Douglas-Home, Alexander Frederick, Baron Home of the Hirsel (dŭgˈləs-hyōm) [key], 1903–95, British politician. Educated at Eton and Oxford, he was elected to the House of Commons in 1931 as a Conservative. As parliamentary private secretary (1937–39) to Neville Chamberlain, he supported the latter's policy of appeasement toward Nazi Germany. He lost his Commons seat in 1945; reelected in 1950 he resigned (1951) when he succeeded his father's peerage as the 14th earl of Home. He served as minister of state (1951–55), secretary of state for commonwealth relations (1955–60), and leader of the House of Lords (1957–60). As foreign secretary (1960–63), he pursued a policy of détente with the USSR and worked for the establishment of an independent British nuclear deterrent.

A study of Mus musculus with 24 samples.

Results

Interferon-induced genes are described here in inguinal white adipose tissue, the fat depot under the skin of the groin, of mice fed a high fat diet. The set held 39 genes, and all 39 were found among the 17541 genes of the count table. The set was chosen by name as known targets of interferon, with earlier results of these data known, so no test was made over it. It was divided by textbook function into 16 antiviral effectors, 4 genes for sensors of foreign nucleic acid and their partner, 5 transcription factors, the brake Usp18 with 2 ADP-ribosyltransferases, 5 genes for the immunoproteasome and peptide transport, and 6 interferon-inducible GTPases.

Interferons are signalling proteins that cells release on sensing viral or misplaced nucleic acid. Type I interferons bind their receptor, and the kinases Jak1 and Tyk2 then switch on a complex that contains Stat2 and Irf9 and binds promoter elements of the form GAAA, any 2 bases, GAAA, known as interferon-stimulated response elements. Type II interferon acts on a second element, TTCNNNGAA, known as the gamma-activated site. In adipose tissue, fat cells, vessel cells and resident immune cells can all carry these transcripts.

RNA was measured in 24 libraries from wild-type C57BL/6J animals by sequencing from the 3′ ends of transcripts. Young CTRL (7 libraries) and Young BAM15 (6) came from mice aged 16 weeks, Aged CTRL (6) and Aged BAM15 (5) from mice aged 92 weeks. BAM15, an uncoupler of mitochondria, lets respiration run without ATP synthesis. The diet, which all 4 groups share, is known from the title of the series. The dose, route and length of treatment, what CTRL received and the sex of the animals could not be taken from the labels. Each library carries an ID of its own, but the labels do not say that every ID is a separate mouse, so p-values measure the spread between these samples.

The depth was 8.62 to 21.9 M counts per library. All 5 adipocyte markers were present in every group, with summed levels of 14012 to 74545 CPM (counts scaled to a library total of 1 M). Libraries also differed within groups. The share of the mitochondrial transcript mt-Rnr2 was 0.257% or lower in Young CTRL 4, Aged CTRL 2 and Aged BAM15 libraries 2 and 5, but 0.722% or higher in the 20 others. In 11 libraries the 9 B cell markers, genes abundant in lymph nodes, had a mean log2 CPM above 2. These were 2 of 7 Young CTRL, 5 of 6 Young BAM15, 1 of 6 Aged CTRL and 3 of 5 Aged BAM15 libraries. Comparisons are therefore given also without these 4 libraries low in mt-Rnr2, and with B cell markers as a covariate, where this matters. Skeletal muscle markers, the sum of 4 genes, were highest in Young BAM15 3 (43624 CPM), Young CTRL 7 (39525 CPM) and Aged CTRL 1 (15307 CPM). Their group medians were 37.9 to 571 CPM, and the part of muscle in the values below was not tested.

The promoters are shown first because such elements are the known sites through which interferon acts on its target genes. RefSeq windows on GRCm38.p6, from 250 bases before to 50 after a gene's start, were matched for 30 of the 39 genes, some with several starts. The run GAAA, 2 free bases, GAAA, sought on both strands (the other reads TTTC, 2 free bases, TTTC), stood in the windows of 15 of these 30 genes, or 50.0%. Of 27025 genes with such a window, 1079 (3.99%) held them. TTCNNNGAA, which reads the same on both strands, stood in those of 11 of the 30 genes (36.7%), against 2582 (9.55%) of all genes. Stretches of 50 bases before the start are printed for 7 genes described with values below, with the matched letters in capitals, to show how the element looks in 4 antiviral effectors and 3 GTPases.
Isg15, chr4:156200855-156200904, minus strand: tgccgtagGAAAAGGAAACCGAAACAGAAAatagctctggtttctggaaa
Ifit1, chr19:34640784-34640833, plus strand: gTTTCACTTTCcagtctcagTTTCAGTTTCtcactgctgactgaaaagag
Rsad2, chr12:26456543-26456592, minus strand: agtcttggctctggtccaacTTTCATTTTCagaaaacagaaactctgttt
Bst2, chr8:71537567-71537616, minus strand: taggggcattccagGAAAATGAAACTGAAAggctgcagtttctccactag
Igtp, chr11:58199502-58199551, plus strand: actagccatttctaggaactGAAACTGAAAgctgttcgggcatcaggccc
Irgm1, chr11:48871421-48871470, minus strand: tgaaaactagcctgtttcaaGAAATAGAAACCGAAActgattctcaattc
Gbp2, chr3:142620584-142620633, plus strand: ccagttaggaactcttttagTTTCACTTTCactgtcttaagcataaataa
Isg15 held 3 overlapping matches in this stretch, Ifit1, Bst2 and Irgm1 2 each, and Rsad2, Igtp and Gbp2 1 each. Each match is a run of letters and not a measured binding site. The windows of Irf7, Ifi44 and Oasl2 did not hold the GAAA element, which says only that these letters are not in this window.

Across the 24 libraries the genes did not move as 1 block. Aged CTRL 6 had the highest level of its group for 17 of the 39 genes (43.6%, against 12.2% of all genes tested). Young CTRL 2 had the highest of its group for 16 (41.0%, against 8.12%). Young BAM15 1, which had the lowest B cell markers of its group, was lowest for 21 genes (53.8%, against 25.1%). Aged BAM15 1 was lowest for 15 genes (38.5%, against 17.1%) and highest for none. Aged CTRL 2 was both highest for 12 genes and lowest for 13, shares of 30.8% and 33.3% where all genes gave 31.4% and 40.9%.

In Oct., 1963, he became prime minister after Harold Macmillan's resignation, emerging as the controversial compromise choice of a divided party. The first peer to become prime minister since 1902, he renounced his Scottish title for life and took a seat in Commons as Sir Alec Douglas-Home. As prime minister, he was handicapped by the divisions within his party and the continuing distraction of the Profumo scandal.
After the Conservative defeat in Oct., 1964, he led the opposition until July, 1965. During his term as Conservative party leader, reforms gave the party's members of Parliament the power to elect the party leader. Douglas-Home was foreign secretary (1970–74) under Edward Heath. He retained his seat in Commons until 1974, when he was created a life peer.
See his autobiography The Way the Wind Blows (1976).